This is the question that most parents are battling as the fall school year creeps upon us. Should we send our babies back to school or tackle the task of supporting e-learning? Or, should we ditch the entire system and teach our child ourselves? I will be the first to admit that I have experienced an extreme amount of conflicting thoughts while trying to determine the best possible set-up for my kids education in the fall.
Last spring’s sudden e-learning fiasco almost drove my family off the edge. Tackling the pandemic and school in our home meant trying to run, walk, sing, dance, and create calm all at the same time. Managing my children’s new education platform meant prepping every night for the tomorrow’s lesson, making sure they were present for sessions online, and reteaching lessons they were not able to comprehend during e-learning. This does not seem too bad at first glance. But, try managing this while working your own job, servicing clients, balancing high levels of your own fear and anxiety, and constantly having to reassure two teens who strongly wanted to be in the presence of their peers that everything we were experiencing was temporary. I truly felt as if I was being set up to fail this lesson as a parent.
But, what I was not prepared for in all of this was the mental and emotional toll of being away from school would have on my children. My son who is an introvert reacted in a way that worried me deeply. He started off not being able to sleep at night, to waking up at 4:00am laying in silence waiting for everyone in our home to rise. School for him provides a level of social interaction where he can put forth minimum effort and is still able to maintain a healthy social life. My daughter on the other hand transformed my home into a FaceTime free-for-all. Literally on the phone from sun up until sun down. I would call it overly socializing, but to her, this was needed as substitute for managing the new found distance she was experiencing from her peers and social groups.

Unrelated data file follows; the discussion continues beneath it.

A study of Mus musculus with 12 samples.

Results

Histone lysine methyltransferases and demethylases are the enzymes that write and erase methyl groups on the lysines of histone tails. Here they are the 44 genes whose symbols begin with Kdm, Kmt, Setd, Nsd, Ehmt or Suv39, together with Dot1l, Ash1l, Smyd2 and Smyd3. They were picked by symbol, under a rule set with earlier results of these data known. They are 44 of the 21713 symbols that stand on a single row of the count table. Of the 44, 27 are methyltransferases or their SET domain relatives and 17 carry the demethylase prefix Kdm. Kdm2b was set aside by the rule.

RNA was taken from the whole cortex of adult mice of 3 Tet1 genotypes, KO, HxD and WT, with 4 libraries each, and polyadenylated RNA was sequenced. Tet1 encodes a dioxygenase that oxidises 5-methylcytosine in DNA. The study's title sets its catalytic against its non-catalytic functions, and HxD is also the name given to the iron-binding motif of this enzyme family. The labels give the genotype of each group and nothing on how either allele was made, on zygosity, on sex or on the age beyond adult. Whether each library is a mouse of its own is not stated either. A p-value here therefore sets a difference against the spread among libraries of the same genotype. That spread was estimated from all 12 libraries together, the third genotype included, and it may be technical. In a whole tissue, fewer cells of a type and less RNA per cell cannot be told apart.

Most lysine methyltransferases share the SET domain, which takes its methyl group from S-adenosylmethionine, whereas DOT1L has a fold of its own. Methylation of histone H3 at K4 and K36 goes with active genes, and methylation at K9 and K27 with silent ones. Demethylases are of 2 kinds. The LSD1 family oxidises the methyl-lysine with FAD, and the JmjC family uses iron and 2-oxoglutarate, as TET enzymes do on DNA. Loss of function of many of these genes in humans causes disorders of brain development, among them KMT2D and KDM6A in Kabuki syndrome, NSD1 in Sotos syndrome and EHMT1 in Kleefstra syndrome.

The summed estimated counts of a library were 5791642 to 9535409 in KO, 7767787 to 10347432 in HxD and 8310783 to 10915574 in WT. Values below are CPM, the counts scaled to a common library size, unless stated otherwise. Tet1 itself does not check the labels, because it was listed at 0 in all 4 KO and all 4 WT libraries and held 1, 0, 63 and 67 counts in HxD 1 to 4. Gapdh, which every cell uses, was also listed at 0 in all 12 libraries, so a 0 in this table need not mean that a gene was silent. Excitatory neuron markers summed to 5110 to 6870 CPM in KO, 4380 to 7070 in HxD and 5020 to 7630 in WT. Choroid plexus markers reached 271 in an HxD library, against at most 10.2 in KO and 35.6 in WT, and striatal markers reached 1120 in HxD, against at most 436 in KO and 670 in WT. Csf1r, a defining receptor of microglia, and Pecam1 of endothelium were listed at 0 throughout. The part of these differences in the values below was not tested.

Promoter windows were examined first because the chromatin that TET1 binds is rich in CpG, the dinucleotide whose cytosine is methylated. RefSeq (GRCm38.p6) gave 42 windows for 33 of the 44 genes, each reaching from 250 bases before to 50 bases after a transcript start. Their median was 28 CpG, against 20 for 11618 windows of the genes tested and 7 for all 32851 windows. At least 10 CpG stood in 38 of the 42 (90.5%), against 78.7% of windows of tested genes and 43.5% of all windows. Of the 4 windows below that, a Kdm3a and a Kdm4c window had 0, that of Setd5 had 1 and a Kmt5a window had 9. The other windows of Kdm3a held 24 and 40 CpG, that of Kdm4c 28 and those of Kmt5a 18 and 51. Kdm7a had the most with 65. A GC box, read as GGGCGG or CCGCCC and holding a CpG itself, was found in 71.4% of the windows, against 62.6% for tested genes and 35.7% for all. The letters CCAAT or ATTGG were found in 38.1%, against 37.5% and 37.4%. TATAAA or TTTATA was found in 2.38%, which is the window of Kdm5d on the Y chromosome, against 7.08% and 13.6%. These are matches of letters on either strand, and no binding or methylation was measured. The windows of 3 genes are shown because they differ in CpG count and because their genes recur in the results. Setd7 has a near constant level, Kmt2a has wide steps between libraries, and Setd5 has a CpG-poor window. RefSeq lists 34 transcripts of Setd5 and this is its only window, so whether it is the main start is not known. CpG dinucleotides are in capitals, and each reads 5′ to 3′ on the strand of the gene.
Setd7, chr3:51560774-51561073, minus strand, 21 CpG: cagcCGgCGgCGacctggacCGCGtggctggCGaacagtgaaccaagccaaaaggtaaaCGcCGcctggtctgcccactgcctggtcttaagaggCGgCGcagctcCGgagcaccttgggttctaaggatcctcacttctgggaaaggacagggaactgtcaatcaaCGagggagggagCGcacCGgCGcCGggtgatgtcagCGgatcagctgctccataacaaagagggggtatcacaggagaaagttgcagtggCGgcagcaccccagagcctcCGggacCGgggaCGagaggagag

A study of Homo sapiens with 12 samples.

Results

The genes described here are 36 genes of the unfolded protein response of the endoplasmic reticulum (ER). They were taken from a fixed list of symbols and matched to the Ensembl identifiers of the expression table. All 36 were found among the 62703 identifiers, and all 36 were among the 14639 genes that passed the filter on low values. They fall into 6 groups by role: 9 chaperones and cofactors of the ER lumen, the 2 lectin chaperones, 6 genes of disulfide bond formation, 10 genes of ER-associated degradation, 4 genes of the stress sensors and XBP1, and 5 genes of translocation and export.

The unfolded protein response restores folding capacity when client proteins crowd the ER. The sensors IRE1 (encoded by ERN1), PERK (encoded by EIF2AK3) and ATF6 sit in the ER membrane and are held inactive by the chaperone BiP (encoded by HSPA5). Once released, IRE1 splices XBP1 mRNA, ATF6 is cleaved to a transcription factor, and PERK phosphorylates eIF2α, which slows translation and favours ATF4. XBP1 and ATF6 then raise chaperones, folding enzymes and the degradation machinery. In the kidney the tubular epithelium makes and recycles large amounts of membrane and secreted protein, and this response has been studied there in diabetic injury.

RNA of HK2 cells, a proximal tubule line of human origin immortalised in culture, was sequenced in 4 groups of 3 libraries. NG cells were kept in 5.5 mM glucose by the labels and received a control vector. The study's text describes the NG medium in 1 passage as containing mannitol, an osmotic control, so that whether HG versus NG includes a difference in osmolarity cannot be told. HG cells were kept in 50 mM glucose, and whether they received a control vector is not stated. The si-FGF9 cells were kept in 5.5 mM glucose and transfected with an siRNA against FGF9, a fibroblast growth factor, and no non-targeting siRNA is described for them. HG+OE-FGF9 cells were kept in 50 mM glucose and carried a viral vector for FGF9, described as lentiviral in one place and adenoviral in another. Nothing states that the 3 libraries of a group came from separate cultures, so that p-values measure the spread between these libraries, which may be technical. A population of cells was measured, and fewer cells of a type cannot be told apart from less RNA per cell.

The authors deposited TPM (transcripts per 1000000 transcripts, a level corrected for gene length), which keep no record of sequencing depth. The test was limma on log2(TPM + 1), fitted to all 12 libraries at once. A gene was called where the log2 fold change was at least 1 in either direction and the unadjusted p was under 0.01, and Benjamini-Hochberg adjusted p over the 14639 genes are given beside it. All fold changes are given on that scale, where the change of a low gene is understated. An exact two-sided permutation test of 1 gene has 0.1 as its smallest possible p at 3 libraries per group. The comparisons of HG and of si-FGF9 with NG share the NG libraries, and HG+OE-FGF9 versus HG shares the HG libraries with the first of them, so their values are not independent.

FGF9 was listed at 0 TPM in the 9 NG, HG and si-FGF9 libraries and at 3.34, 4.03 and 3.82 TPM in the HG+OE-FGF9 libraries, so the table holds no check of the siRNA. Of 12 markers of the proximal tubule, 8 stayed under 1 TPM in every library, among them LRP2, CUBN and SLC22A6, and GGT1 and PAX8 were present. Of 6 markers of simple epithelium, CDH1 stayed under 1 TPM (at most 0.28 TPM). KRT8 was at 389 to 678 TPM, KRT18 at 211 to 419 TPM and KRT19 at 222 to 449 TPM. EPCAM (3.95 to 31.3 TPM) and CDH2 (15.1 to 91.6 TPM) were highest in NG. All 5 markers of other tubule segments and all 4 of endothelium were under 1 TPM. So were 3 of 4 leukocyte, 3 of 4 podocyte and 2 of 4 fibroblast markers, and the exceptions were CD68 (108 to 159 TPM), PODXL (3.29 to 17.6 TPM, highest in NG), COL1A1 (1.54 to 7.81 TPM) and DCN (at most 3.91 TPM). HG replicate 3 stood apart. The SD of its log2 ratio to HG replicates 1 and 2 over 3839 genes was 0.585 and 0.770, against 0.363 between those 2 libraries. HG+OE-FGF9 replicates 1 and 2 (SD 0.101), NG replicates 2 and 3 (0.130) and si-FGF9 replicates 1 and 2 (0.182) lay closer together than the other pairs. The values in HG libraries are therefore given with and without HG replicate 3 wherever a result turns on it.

So how do you decide what learning scenario is best for your home?
Determine the Risk Factor: Make a list of the positive and negative impacts your schooling decision will have on your child’s education. Then access the risk. Only you as the parent will be able to conclude what learning system is conducive to providing the best possible educational set-up for your child. Not Sally, David, or Mrs. Davison. Since you are required to carry out your decision daily, then you, and only you, have the power to decide.
Research: Do your research. This could include taking a poll to see what others are deciding for their homes, or consulting with your pediatrician and school officials. Make sure you fully express that you are only wanting to know their opinion, and avoid any conversation that undermines your decision. Either way, be prepared to hear their opinion while remembering that it is just an opinion. Every home has a different make-up, therefore, every home will make a different choice.
Create a Schedule: Prepare at least a 30 day schedule of what is needed to execute your decision. If you are allowing your child to participate in onsite learning, figure out what will be required daily to keep your child, their peers, and your home safe. If you decide to participate in e-learning, decide how can you effectively set up your home and schedule to ensure this choice is beneficial to everyone involved.
Be Patient: Be patient with your decision and the world around you. Not everyone will agree with your decision and other families will decide a different approach this fall. This is okay. Understand, we are all individuals trying to navigate this new world of new circumstances. So be gentle with yourself, and offer grace to others.
For my home, we have decided to tackle two options, e-learning and in-school education. While my son’s school has decided to offer only e-learning as a course of action, my daughter’s school has created a hybrid model offering on campus class sessions two days a week. So as you can imagine, we have to manage two different course of actions. But overall, we are affirmed in our current decision and our educational set-up for the fall. This may change as time changes, but as for now, we will be embracing our new normal and making sure our household supports this new venture.